On September 9, 2011, Secretary of State Hillary Rodham Clinton delivered remarks on U.S. counterterrorism strategy at the John Jay School of Criminal Justice in New York City. Secretary Clinton said:
"...Ten years later, we have made important strides. Our government is better organized. Our defenses are safer than on 9/11. But we still face real threats, as we see today, and there is more work to be done. As the members of the 9/11 Commission recently reported, a number of their major recommendations remain unfulfilled. For example, much-needed radio frequencies have not yet been allotted to first responders to allow them to communicate effectively in a crisis -- an issue that I worked on for years in the Senate and is long overdue for completion.
"As President Obama has said over the last decade, our government also sometimes went off course, failed to live up to our own values, but we never lost sight of our mission, and we set aside those detours to stay focused, and we made progress. As we move forward, we are determined not to let the specter of terrorism darken the national character that has always been America's greatest asset.
"The United States has thrived as an open society, a principled nation, and a global leader. And we cannot and will not live in fear, sacrifice our values, or pull back from the world. Closing our borders, for example, might keep out some who would do us harm, but it would also deprive us entrepreneurs, ideas, and energy, things that help define who we are as a nation, and ensure our global leadership for years to come.
"Before 9/11, the commission found that America did not adapt quickly enough to new and different kinds of threats, and it is imperative that we not make that mistake again. It is also imperative that we adapt just as quickly to new kinds of opportunities, that we not be paralyzed or preoccupied by the threats we face, that we not squander our strengths.
"So we keep our focus not only on what we are fighting against -- on the terrorist networks that attacked us that day and continue to threaten us -- but also on what we are fighting for -- for our values of tolerance and equality and opportunity, for universal rights and the rule of law, for the opportunity of children everywhere to live up to their God-given potential. That's a fight we can be confident of and a mission we can be proud of. So today, after a decade of learning the lessons of 9/11, let's take stock of where we stand and where we need to go as a nation.
"We find ourselves in a moment of historic change and opportunity. The war in Iraq is winding down. The war in Afghanistan has entered a transition phase. Millions of people are pushing their nations to move away from repression that has long fueled resentment and extremism. They are embracing universal human rights and dignity. And this has discredited the extremist argument that only violence can bring about change. Against this backdrop, the death of Usama bin Ladin has put al-Qaida on the path to defeat. And as President Obama has pledged, we will not relent until that job is done.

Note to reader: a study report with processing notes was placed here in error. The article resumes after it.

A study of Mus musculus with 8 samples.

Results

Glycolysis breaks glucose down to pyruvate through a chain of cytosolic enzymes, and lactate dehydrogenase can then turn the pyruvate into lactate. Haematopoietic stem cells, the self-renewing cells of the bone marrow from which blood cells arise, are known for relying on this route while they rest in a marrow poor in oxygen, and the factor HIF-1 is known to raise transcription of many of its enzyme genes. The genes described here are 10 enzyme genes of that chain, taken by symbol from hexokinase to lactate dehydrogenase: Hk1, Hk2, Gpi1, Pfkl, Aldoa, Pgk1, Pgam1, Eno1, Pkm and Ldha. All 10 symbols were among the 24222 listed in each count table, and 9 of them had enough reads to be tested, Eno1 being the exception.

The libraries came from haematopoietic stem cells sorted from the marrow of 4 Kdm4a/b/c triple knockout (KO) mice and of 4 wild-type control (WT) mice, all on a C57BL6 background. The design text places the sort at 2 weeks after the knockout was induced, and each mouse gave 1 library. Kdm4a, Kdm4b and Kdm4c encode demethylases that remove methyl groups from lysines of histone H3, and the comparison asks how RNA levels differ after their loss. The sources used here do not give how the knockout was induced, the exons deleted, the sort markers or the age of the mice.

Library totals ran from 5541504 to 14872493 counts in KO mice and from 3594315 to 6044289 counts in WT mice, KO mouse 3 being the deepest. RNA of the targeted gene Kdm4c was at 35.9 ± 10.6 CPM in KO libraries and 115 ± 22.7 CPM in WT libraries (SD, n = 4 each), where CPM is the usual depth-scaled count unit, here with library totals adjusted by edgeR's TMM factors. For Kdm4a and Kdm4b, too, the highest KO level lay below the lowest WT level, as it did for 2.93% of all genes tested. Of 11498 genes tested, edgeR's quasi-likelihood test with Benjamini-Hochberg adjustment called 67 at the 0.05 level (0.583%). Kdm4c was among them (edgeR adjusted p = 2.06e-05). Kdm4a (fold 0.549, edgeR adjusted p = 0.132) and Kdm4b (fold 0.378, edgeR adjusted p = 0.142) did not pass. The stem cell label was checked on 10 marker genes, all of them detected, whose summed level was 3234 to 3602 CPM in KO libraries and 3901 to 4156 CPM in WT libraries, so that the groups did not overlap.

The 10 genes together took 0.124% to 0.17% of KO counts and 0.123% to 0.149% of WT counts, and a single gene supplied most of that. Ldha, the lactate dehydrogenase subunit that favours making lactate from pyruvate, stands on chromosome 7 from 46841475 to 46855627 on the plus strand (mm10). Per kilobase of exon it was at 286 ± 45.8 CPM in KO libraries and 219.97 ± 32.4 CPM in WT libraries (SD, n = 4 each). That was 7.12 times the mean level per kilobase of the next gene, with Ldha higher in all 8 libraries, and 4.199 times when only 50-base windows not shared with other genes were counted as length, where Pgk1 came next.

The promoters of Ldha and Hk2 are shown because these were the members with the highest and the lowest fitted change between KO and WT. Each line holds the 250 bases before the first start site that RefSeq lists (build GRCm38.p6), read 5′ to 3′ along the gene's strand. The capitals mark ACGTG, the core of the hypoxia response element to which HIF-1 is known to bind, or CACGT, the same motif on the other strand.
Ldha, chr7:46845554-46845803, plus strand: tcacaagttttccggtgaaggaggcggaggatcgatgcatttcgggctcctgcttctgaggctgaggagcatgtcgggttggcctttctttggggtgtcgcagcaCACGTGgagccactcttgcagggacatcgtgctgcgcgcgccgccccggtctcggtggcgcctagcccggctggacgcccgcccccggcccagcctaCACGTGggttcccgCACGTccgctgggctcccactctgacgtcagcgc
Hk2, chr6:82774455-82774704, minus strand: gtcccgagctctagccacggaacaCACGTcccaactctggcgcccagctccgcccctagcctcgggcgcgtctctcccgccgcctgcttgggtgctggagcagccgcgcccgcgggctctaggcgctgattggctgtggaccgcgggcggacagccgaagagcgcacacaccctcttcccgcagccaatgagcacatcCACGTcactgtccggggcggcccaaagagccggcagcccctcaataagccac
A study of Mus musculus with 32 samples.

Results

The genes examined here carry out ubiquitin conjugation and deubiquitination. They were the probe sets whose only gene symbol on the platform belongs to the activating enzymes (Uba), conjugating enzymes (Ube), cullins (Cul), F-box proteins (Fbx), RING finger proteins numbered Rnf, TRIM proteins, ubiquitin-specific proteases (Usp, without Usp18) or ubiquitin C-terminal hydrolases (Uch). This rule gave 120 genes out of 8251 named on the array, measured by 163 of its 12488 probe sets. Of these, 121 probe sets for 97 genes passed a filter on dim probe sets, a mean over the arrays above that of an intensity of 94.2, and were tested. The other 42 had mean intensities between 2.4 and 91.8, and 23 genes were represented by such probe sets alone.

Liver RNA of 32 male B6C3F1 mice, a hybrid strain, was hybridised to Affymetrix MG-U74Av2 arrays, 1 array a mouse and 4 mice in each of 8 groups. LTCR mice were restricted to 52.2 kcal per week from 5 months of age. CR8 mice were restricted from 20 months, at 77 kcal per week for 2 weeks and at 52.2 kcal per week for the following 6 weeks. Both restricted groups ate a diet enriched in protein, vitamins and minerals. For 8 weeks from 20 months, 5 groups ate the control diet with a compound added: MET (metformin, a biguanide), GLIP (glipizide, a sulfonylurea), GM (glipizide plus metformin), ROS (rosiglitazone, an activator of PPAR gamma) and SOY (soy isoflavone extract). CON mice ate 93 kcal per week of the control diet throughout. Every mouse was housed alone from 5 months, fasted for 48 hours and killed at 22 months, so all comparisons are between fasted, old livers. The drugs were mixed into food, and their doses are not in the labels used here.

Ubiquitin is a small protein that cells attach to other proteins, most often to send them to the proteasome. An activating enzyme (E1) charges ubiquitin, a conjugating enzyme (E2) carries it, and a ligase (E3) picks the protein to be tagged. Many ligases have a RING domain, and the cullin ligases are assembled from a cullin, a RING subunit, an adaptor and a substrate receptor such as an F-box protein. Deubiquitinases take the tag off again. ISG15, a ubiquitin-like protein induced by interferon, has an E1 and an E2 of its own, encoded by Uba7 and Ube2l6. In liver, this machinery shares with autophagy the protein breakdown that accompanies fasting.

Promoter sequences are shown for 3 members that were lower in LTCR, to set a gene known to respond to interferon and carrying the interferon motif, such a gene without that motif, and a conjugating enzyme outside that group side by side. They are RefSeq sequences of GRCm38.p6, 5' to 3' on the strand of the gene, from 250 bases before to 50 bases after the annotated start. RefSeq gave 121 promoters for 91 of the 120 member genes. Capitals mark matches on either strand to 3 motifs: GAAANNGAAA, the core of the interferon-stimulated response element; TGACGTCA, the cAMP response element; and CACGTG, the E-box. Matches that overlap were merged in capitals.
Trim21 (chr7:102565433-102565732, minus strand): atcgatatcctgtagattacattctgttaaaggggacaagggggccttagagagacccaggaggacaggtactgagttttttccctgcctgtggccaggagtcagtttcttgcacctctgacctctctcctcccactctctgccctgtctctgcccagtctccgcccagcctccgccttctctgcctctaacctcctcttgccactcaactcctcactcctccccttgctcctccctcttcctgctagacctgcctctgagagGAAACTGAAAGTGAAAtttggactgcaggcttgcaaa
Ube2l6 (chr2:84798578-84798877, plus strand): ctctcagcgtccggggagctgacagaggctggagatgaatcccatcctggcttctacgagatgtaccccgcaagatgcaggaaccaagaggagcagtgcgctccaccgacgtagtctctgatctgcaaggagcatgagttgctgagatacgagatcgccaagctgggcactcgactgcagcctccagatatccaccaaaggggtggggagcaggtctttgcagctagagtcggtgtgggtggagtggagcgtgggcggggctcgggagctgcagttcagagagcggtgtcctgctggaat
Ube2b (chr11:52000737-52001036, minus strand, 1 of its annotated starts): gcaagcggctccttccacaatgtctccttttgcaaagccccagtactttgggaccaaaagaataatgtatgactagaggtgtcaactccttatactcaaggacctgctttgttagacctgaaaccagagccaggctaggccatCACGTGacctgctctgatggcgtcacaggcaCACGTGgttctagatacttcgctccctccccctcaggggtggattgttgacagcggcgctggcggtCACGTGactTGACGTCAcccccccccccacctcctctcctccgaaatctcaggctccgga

"Earlier this summer, the Administration released its National Strategy for Counterterrorism. It makes very clear we face both a short-term and a long-term challenge. First, to keep up the pressure on al-Qaida and its network. Second, to face down the murderous ideology that fueled bin Ladin's rise and that continues to incite violence around the world. To meet these challenges, our methods must match this unique moment. And we need to apply hard-learned lessons.
"We have seen that precise and persistent force can significantly degrade even an enemy as elusive as al-Qaida. So we will continue to go after its leaders and commanders, disrupt their operations and bring them to justice.
"But we've also learned that to truly defeat a terror network, we need to attack its finances, recruitment, and safe havens. We need to take on its ideology, counter its propaganda, and diminish its appeal, so that every community recognizes the threat that extremists pose to them and they then deny them protection and support. And we need effective international partners in government and civil society who can extend this effort to all the places where terrorists operate.
"To achieve these ends requires smart power, a strategy that integrates all our foreign policy tools -- diplomacy and development hand-in-hand with defense -- and that advances our values and the rule of law. We are waging a broad, sustained, and relentless campaign that harnesses every element of American power against terrorism. And even as we remain tightly focused on the terrorist network that attacked us 10 years ago, we're also thinking about the next 10 years and beyond, about the next threats, about that long-term ideological challenge that requires us to dig deeply into and rely upon our most cherished values."
You can read the Secretary's full remarks here.